Just as we warned, and she must have known, it appears at least 22 of the emails found on Hillary Clinton's private email server have been declared "top secret" by The FBI (but will not be releasing the contents) according to AP.
Clinton has insisted she never sent or received information on her personal email account that was classified at the time. No emails released so far were stamped "CLASSIFIED" or "TOP SECRET," but reviewers previously had designated more than 1,000 messages at lower classification levels for public release. Friday's will be the first at the top secret level.
And because the administration believes strongly in transparency and accountability, you won't get any information about just what kind of state secrets were passed on a non-secure server:
- STATE DEPT WON'T SPEAK ON CONTENT OF TOP SECRET E-MAILS: KIRBY
- KIRBY: SOME CLINTON-OBAMA E-MAIL EXCHANGES ARE BEING WITHHELD
The Obama administration is confirming for the first time that Hillary Clinton's unsecured home server contained some closely guarded secrets, including material requiring one of the highest levels of classification.
The revelation comes just three days before the Iowa presidential nominating caucuses in which Clinton is a candidate.
The State Department will release more emails from Clinton's time as secretary of state later Friday.
But The Associated Press has learned that 7 email chains are being withheld in full for containing "top secret" material.
The 37 pages include messages recently described by a key intelligence official as concerning so-called "special access programs" — a highly restricted subset of classified material that could point to confidential sources or clandestine programs like drone strikes or government eavesdropping.
Department officials wouldn't describe the substance of the emails, or say if Clinton had sent any herself.
Spokesman John Kirby tells the AP that no judgment on past classification was made. But the department is looking into that, too.
For those that Clinton only read, and didn't write or forward, she still would have been required to report classification slippages that she recognized.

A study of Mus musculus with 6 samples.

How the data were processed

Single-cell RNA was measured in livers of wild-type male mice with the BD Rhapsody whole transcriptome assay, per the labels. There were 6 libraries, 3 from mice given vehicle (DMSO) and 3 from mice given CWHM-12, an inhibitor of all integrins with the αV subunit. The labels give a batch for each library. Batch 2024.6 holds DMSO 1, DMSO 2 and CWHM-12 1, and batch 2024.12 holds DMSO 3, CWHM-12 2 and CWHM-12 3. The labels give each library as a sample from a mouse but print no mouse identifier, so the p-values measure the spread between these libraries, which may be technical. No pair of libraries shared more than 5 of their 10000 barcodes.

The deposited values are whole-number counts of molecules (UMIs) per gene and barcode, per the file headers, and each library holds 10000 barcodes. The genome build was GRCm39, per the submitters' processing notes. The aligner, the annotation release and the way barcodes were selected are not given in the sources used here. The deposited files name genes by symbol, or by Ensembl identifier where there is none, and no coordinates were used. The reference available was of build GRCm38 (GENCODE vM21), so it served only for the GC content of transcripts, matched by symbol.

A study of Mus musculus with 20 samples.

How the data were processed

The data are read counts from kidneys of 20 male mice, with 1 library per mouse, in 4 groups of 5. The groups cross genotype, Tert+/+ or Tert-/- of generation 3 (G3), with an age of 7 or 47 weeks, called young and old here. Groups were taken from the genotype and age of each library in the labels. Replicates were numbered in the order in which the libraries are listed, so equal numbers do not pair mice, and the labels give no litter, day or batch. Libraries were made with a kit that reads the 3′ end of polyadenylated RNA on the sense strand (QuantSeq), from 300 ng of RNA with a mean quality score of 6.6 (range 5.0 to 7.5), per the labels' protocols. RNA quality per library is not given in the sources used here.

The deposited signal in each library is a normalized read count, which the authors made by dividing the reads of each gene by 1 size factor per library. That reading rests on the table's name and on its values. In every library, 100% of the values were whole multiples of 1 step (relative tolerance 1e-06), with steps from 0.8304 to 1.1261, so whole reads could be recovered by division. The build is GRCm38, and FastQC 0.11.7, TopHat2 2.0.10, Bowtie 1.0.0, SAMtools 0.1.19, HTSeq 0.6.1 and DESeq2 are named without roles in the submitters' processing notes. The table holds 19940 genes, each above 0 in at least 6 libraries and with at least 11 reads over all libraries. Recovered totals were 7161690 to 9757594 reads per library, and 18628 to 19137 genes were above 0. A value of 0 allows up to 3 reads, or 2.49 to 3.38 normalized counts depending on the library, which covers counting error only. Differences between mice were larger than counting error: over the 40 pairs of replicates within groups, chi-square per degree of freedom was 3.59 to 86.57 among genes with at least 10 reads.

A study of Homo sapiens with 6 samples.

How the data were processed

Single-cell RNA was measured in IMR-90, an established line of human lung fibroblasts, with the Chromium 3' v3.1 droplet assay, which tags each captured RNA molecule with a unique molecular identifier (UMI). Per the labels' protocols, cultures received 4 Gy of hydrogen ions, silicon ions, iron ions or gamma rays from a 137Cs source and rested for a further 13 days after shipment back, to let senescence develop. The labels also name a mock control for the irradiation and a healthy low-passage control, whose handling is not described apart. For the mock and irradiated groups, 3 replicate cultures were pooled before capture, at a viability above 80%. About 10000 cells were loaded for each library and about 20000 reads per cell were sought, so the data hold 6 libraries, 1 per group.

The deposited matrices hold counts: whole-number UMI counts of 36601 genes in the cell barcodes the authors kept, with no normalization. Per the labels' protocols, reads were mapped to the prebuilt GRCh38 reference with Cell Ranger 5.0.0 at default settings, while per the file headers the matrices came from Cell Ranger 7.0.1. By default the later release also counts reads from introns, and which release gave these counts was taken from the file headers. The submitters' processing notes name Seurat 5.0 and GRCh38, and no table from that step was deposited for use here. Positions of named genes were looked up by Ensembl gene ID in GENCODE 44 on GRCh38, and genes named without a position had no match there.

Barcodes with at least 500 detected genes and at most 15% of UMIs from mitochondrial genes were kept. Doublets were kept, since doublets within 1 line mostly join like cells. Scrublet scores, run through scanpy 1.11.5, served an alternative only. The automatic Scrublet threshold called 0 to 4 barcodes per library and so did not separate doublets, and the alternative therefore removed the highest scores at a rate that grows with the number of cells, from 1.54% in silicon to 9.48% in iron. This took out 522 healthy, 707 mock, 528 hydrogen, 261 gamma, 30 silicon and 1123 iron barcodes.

Possible responses for classification infractions include counseling, warnings or other action, State Department officials said, though they declined to say if these applied to Clinton or senior aides who've since left the department. The officials weren't authorized to speak on the matter and spoke on condition of anonymity.
However, as we previously noted, the implications are tough for The DoJ - if they indict they crush their own candidate's chances of the Presidency, if they do not - someone will leak the details and the FBI will revolt... The leaking of the Clinton emails has been compared to as the next “Watergate” by former U.S. Attorney Joe DiGenova this week, if current FBI investigations don’t proceed in an appropriate manner. The revelation comes after more emails from Hilary Clinton’s personal email have come to light.
“[The investigation has reached] a critical mass,” DiGenova told radio host Laura Ingraham when discussing the FBI’s still pending investigation. Though Clinton is still yet to be charged with any crime, DiGenova advised on Tuesday that changes may be on the horizon. The mishandling over the classified intelligence may lead to an imminent indictment, with DiGenova suggesting it may come to a head within 60 days.
“I believe that the evidence that the FBI is compiling will be so compelling that, unless [Lynch] agrees to the charges, there will be a massive revolt inside the FBI, which she will not be able to survive as an attorney general,” he said.
"The intelligence community will not stand for that. They will fight for indictment and they are already in the process of gearing themselves to basically revolt if she refuses to bring charges."
The FBI also is looking into Clinton's email setup, but has said nothing about the nature of its probe. Independent experts say it is highly unlikely that Clinton will be charged with wrongdoing, based on the limited details that have surfaced up to now and the lack of indications that she intended to break any laws.
"What I would hope comes out of all of this is a bit of humility" and an acknowledgement from Clinton that "I made some serious mistakes," said Bradley Moss, a Washington lawyer who regularly handles security clearance matters.
Legal questions aside, it's the potential political costs that are probably of more immediate concern for Clinton. She has struggled in surveys measuring her perceived trustworthiness and an active federal investigation, especially one buoyed by evidence that top secret material coursed through her account, could negate one of her main selling points for becoming commander in chief: Her national security resume.